Meghan Smith, who lost a District Court ruling that she was ineligible to win a Las Vegas seat in the Nevada Assembly, lost a second legal battle Monday, this one with the Nevada Supreme Court.
Smith, who was disqualified as a candidate in the Assembly District 34 race, failed in her Supreme Court bid to have signs removed from polling places that informed voters about her ineligibility.
But Assembly Speaker Marilyn Kirkpatrick said Wednesday that she won’t rule out the possibility that Smith could win an Assembly seat through appointment.
That would be the second time a Nevada Democratic Assembly candidate was ruled ineligible to win a seat due to residency requirements, only to became a legislator anyway. Andrew Martin served in the lower house, and is now a candidate for state treasurer.
Smith had filed a motion seeking to overturn District Judge Nancy Allf’s order requiring the placement of signs at polling places listing her as an ineligible candidate. The Supreme Court denied the motion, which allows the signs to remain in place.
Allf had ruled Oct. 16 that Smith is ineligible as a candidate for the seat because she failed to meet the residency requirements. Smith had filed as a candidate on March 14, just seven days after closing on the purchase of a condominium located within the Assembly district.
Because of the timing of the ruling, Smith’s name will remain on the ballot, despite her disqualification. The only eligible candidate is Republican Victoria Seaman.
If Smith garners the most votes, the Democrat-controlled Assembly would select someone for the seat. That could theoretically be Smith.
Kirkpatrick, D-North Las Vegas, hasn’t ruled out the possibility of appointing Smith.
“Why would we do that?” Kirkpatrick said Wednesday. “She’s on the ballot, right?
“At this point, our No. 1 goal is to win the seat. Then the Legislature as a whole will look at all of the options.”
Kirkpatrick didn’t name any favorites in lieu of Smith, explaining that lawmakers would consider “everybody” qualified for the post.
Asked what he would do in Kirkpatrick’s place, Assembly Minority Leader Pat Hickey, R-Reno, said simply: “I’m not in Marilyn’s shoes.”
“First of all, we want to see what happens on Nov. 4,” Hickey added. “We want to see what happens in that race before we have discussions about the outcome.”
Hickey stressed that a Seaman win would put an end to any future controversy over appointing Smith.
Hickey said Republican polling data that suggest Seaman could overcome a 12 percent voter registration gap to beat the disqualified Democrat. Every time someone passes by a polling station sign advertising her disqualification, he figures Smith’s odds of winning grow a little longer.
If Smith winds up in the seat, Hickey will pursue legislation clarifying Nevada’s election residency laws, reviving a bill he and Kirkpatrick first co-authored and introduced in 2013. That bill stalled.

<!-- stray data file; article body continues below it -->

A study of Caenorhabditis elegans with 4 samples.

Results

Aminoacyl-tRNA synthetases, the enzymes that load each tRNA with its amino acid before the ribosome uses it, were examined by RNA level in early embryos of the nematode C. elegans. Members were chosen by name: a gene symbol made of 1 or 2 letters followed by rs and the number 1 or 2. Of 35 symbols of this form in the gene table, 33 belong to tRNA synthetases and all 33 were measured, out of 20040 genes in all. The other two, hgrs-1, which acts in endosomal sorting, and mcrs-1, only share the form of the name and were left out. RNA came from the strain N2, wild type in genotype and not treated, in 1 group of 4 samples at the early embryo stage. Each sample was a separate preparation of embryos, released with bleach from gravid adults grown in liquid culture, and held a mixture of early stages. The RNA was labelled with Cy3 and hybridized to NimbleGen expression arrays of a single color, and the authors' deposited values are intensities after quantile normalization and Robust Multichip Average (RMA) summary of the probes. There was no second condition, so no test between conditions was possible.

The judge’s ruling Thursday found that Smith “willfully filed a declaration knowing that the declaration of candidacy or acceptance of candidacy contained a false statement.”
Smith filed a notice of appeal with the Nevada Supreme Court. With that appeal pending, Smith had unsuccessfully sought removal of the posted signs declaring her ineligibility, arguing in court filings that the signs “will very certainly cause voters not to vote for Ms. Smith.”
If a ruling later overturns the initial determination of ineligibility, Smith argues, “it will be too late to remedy the effects of the sign posting.”
“By then, thousands of votes will have been cast for her opponent which otherwise would not have been cast for her,” the motion argued. “It will be impossible to ‘un-vote’ these votes.”
The race for Assembly District 34 in northwest Las Vegas was wide open because Assembly Majority Leader William Horne is termed out. Horne, a Democrat, was elected in 2012 with 57 percent of the vote.
Registered Democrats outnumber registered Republicans in the district. Democrats make up 43 percent, while Republicans account for 31 percent. Another 19 percent don’t have any party affiliation. The remaining 7 percent belong to third parties.
Republican hopeful Seaman said she wasn’t surprised by Smith’s disqualification from the race, a development she expects will be a “tremendous help” to her campaign. Seaman was doing her best to spread the word about the potentially race-altering ruling Wednesday afternoon, knocking on doors and handing out copies of the judgment to voters.
Smith did not return requests for comment. In her outgoing voice mail message, she makes it clear that she remains “on your ballot” come Nov. 4.
The Associated Press contributed to this report. Contact Ben Botkin at email@example.com or 702-405-9781. Find him on Twitter: @BenBotkin1. Contact James DeHaven at firstname.lastname@example.org or 702-477-3839. Find him on Twitter: @JamesDeHaven.